Social Media Content Moderators
Question: Are Social Media Content Moderators Necessary?
For my visual essay, I want to explore the in a working, restrictions and rules that moderators on social media are hired for and how they decide if a flagged piece of content should be removed/blocked from the general public to see, and evaluate the effectiveness of moderators and if they are necessary.
Social media companies like Facebook, Instagram and Twitter have always governed themselves, with little to zero government regulation on how their business and practices are run. This can be seen in how they moderate their users’ content from videos, photos and self-expression that are posted to their platforms. DASELER, G. (2019) states “The First Amendment to the Constitution protects Americans from government censorship. But private companies like Twitter, Facebook, and YouTube have the right to post or prohibit what they please on their platforms, just as scores of other companies have before them.” Promotes the question of these private companies.
Though there are two sides to social media one being the sharing of positivity and kindness throughout the world it also comes with its negatives through online trolls and extremeness groups aloud to spread hate and falsified information to the general population. With the forever expanding and exponential growth of the internet with more user’s gaining access to social media and uploading and sharing content of their own. DASELER, G. (2019) overserved that “Facebook having 200 million monthly users in the United States alone, or about three fifths of the U.S. population. In a single minute, the site receives 500,000 new comments, 293,000 new statuses, and 450,000 new photos. In the same amount of time, 400 hours of video are uploaded to YouTube, and 300,000 tweets are posted to Twitter.” Which in suits the issues of content being mistakenly or purposefully judged for being negative as alike the c pages and posts being deleted for sharing their concerns and ideas being silenced while politicians are blatantly racist or spreading misinformation on the same social media platform are being allowed to with little to no consequences.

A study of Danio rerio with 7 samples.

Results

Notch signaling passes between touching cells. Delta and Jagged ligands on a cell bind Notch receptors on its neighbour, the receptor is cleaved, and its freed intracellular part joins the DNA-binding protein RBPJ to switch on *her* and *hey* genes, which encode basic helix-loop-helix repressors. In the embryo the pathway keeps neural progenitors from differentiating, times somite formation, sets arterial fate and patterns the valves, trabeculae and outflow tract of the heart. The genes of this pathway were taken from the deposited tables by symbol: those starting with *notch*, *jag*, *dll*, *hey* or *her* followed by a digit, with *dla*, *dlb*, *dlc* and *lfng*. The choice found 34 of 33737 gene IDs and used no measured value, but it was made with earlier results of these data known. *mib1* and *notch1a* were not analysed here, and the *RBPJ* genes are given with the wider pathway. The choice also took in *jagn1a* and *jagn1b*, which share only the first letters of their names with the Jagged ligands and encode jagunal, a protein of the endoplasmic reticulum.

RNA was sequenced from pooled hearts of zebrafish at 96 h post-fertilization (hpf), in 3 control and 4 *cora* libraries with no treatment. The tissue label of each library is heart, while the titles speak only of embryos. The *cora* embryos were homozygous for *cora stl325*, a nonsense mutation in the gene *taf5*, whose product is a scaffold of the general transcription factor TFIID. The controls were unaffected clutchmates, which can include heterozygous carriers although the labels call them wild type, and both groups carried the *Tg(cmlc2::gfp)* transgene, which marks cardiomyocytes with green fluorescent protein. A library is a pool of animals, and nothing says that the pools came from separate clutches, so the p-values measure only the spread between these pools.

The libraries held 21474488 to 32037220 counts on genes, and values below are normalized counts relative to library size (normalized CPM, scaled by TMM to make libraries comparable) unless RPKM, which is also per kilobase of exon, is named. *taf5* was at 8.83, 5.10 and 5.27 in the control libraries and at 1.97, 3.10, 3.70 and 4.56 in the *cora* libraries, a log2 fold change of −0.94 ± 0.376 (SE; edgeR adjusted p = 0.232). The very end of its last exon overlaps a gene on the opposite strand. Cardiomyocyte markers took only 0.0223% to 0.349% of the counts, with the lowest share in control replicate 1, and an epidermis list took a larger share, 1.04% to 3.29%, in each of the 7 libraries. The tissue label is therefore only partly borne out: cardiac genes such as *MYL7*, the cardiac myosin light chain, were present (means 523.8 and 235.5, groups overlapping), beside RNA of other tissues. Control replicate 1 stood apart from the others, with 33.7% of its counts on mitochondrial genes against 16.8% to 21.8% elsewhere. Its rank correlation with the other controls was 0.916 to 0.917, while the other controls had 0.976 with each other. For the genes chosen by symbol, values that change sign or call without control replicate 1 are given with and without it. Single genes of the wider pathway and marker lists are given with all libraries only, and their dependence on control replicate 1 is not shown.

I also want to further my knowledge on how moderators are trained as well as the guidelines that they are inhibited to obey by and how this impacts their specific social media pages. With my initial research I have discovered a journal where they gave a two-hour training to moderators of a blog forum to have a proactive approach to reduce the risk to adolescents with depression or anxiety where they found in C, Clair, M, Long, C, Boyle, L & Radovic, A n.d., “study, after examining the role of the moderator in a Web-based intervention for adolescents with depression or anxiety, we found that moderating such an intervention was feasible and resulted in no safety concerns. Additionally, moderators exhibited various approaches that may impact user engagement.”
For the first source that I decided to include in this visual essay pitch is an article from EBSCOhost DASELER, G. (2019) as my first intentions of this project was to gather a further understanding of how social media works and find the positives and negatives to using humans in moderating content.
As for my second key source in my initial research for this project was another journal article Windler, C, Clair, M, Long, C, Boyle, L & Radovic, A n.d., which provided myself with a greater understanding into how moderators are trained to respond to specific content and the comments that are contained within them, in the goal to reduce teen depression and anxiety on social media.
DASELER, G 2019, ‘Web of Lies: The challenges of free speech in the age of social media’, American Conservative, vol. 18, no. 4, p. 43, viewed 18 May 2020, <https://search-ebscohost-com.ezproxy.uow.edu.au/login.aspx?direct=true&db=f6h&AN=136967534&site=eds-live>.
Windler, C, Clair, M, Long, C, Boyle, L & Radovic, A n.d., ‘Role of Moderators on Engagement of Adolescents With Depression or Anxiety in a Social Media Intervention: Content Analysis of Web-Based Interactions’, JMIR MENTAL HEALTH, vol. 6, no. 9, viewed 19 May 2020, <https://search-ebscohost-com.ezproxy.uow.edu.au/login.aspx?direct=true&db=edswsc&AN=000488607200001&site=eds-live>.